Only 25% of construction projects are finished on time¹. Why? Office and field teams are frequently disconnected, physically and virtually. Field employees are often an afterthought when it comes to technology applications, resulting in manual, error-prone and time-consuming processes.

The alternative? Cloud-based, mobile-enabled personnel who are plugged into the same integrated system as the rest of the company. With real-time accessibility anywhere, workers in the field can enter information, even without an internet connection.

A Tale of Two
Construction Companies

Company A and Company B have tight timelines for their building projects. The technology and processes they use significantly impact whether they finish on time.


Uses integrated construction software from Viewpoint.


Uses a mix of different technologies and manual processes.

Employees in the field enter time via mobile device. GPS can alert people to switch jobs if they're at a different site, preventing time card errors.

See Result  

A 50% reduction in time and materials tracking² led to more focus on other areas of the project.

Employees log time on paper, via a spreadsheet, etc. This data has to be re-entered in the office, which takes extra time.

See Result  

Data needed to be re-entered in the office, taking hours of extra time and effort, requiring additional staff overhead.

The wrong materials are accidentally used for a support column, and a field team member captures this defect digitally and reports it in real time so rework is done quickly and efficiently.

See Result  

A 20% reduction in post-completion rework was achieved, in part due to better defect capture and management².

The same error occurs on Company B's project, and a field team member reports the defect to his supervisor, who calls the back office for documentation around the defect to determine the best path forward. Work stops until this is completed.

See Result  

An email chain between multiple parties took significant time and rework did not begin until days later.

Field employees input daily reports into an app via a mobile device, tablet or laptop – even without an internet connection. Data automatically syncs when a connection is re-established.

See Result  

A 50% reduction in time spent on daily logs² meant the project kept moving efficiently.

Field employees record daily safety and progress reports by hand, in emails or in word processing documents. This data must be delivered to the office and rekeyed into software.

See Result  

Project progress could not be analyzed in real time, and occasional loss of data or errors in rekeying led to additional confusion and delays in both the field and in the office.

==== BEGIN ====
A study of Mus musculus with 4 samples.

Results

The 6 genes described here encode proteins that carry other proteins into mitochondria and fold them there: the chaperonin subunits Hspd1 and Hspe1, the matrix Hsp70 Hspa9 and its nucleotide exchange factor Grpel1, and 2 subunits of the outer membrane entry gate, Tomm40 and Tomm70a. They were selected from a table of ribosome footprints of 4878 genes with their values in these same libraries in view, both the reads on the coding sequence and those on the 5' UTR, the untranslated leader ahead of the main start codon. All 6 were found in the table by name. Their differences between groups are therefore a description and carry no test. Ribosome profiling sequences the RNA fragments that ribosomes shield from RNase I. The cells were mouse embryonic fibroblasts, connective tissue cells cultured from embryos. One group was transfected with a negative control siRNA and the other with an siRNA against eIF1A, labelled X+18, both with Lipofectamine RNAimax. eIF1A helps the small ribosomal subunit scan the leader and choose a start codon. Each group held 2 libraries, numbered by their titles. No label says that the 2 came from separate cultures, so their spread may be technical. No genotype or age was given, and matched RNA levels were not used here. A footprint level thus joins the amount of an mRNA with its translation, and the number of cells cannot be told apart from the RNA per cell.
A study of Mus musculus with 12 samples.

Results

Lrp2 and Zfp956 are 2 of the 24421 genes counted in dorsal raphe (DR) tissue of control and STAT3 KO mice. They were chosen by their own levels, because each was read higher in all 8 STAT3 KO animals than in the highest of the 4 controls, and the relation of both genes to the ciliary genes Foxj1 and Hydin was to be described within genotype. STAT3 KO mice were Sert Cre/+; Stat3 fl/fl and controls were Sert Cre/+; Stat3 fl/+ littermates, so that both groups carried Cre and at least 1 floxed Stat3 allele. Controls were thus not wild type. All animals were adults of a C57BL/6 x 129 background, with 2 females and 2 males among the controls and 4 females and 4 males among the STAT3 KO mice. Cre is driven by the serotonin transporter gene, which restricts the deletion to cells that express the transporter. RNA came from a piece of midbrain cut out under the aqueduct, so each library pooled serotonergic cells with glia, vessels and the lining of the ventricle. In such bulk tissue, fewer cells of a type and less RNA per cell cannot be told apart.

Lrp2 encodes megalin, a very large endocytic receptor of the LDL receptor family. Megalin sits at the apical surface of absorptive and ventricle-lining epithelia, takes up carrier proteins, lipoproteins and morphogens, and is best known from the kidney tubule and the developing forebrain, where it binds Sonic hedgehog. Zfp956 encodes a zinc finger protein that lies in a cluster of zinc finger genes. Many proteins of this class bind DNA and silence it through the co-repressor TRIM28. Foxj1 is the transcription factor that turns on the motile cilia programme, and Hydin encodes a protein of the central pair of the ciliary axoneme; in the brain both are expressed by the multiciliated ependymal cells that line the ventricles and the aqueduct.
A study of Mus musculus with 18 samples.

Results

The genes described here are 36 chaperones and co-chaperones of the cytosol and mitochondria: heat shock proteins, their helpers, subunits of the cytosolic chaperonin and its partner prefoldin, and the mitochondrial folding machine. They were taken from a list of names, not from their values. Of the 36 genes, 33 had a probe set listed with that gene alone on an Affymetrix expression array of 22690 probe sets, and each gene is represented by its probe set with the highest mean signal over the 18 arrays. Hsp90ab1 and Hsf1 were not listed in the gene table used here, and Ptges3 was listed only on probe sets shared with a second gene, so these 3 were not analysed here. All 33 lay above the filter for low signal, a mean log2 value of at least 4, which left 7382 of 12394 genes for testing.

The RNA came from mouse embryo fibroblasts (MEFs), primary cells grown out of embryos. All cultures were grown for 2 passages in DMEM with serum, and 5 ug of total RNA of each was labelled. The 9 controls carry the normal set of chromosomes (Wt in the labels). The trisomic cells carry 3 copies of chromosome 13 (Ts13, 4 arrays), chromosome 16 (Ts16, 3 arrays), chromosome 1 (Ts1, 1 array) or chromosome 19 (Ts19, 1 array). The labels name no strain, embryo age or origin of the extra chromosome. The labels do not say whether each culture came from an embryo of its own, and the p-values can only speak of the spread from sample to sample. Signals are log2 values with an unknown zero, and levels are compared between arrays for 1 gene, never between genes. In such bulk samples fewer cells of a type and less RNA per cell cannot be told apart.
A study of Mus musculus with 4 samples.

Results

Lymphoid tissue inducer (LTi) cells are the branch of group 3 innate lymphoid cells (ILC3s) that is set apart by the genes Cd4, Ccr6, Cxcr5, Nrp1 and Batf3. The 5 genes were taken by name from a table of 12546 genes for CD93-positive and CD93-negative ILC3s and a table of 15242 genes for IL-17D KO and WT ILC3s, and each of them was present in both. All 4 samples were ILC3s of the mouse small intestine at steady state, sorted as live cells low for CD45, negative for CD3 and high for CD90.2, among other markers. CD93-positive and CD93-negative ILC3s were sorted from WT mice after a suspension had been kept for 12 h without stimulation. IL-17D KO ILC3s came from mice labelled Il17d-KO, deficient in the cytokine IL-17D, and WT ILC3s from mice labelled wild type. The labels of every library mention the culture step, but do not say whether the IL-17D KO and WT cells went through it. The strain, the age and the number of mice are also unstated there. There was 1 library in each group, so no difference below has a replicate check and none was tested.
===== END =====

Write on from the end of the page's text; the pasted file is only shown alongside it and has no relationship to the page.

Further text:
When a miscommunication is identified, the project manager consults digital documents via mobile device to find the evidence needed to show a task was completed.

See Result  

Company A realized a 20% reduction in project delays², in part due to a quick resolution.

An issue arises, and the project manager struggles to track down documentation to verify if a task was completed.

See Result  

The manager spent hours sorting through paper, emailing the office and interviewing employees. Project delays dragged on while the issue was investigated.

A subcontractor needs a question answered and submits it to Company A’s software platform. The software automatically notifies the correct person through a defined workflow and a quick response is provided.

See Result  

Field teams and subcontractors stayed in the loop in real time, and project delays dropped by 20%².

A subcontractor needs clarification about an issue and emails several people at Company B hoping for a quick response.

See Result  

A whole day passed while the subcontractor waited for a reply. Work in other critical areas was halted and the project fell behind schedule.

Field employees add notes, drawings, documents, photos, video and voice messaging to punch list tasks via mobile device.

See Result  

A 30% reduction in time spent on punch lists led to a quicker, more accurate project
closeout for the client.

To complete punch lists and checklists, employees must return to the trailer or office to find and record information.

See Result  

The disconnected processes led to confusion near the end of the project, and with more last-minute work than had been anticipated, it costs the contractor time and money.